LIKE many other American cities, Louisville, Ky., has been grappling with two of the nation's most perplexing challenges: school desegregation and economic decline.
Though their basic problems are much alike, few other cities appear to have enjoyed the degree of success achieved by the Kentucky metropolis.
Neal Pierce, veteran chronicler of America's cities and states, calls it "a thought-provoking model for cities and regions whose leaders feel as if they've slipped their moorings and lost control...."
Consider school desegregation and its notorious companion, busing: More than a decade after a federal court order merged the mostly white Jefferson County school system with Louisville's majority-black city schools, the county is embarking on a new venture aimed at deemphasizing busing of elementary school children but maintaining a policy of having no school with less than 15 percent or more than 50 percent black students.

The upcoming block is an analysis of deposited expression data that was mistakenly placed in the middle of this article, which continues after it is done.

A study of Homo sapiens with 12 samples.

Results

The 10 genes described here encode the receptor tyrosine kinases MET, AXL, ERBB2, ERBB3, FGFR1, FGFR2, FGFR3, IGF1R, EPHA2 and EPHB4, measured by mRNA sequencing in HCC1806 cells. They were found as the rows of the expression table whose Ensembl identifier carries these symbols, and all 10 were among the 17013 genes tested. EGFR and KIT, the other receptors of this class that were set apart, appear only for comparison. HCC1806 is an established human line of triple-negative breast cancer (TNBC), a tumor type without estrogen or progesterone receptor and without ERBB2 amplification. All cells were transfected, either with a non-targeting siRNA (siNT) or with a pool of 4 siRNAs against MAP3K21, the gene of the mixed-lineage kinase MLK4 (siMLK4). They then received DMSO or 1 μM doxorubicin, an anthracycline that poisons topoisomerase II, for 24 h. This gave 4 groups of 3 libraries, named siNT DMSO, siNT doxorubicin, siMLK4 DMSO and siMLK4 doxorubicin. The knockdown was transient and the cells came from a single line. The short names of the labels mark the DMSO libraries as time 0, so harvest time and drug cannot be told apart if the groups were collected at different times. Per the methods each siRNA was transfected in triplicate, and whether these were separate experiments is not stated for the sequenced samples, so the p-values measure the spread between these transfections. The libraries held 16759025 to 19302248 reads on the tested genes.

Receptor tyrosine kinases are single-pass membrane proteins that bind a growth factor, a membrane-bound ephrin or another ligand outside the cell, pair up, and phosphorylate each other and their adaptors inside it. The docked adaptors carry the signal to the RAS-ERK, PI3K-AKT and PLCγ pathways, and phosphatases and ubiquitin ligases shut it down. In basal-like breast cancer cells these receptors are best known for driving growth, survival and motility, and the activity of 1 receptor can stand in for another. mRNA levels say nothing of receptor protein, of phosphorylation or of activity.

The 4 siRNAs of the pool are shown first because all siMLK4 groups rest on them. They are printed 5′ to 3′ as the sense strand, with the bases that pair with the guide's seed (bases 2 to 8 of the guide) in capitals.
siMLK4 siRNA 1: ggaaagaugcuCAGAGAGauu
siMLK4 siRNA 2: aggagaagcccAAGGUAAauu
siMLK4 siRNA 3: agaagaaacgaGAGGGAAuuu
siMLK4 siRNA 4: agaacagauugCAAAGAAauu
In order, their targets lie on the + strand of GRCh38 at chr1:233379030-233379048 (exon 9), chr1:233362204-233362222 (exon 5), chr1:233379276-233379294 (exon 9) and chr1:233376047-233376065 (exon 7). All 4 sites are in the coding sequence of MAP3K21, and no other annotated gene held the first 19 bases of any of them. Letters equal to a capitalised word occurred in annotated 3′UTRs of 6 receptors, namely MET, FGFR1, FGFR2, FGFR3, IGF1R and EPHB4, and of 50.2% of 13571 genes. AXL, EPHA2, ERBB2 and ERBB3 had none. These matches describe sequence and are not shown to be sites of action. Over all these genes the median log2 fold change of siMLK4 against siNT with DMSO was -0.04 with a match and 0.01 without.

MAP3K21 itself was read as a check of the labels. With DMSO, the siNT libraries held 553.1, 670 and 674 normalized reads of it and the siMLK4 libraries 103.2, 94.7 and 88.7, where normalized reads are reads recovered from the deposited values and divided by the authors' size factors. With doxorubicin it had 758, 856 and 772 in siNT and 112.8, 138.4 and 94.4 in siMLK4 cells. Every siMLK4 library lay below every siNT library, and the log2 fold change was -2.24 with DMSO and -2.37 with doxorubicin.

One apparent reason for optimism on the part of Superintendent Donald Ingwerson and his staff is that, in the last decade, some 16,000 black families have moved to the suburbs, an unprecedented migration.
Dr. Ingwerson has been named 1992 Superintendent of the Year by the American Association of School Administrators.
Another key facet of the Louisville-Jefferson County success story is imaginative use of the federal Urban Enterprise Zone program to help revitalize the county's industrial sector. It has been charged that federal requirements were violated by going outside the inner city. But admirers say it is innovative - and it works.
The story is not over, and no one is claiming that the Louisville-Jefferson County area has solved all its social and economic problems. But the combination of bold leadership and willingness to assay innovative initiatives can still result in success.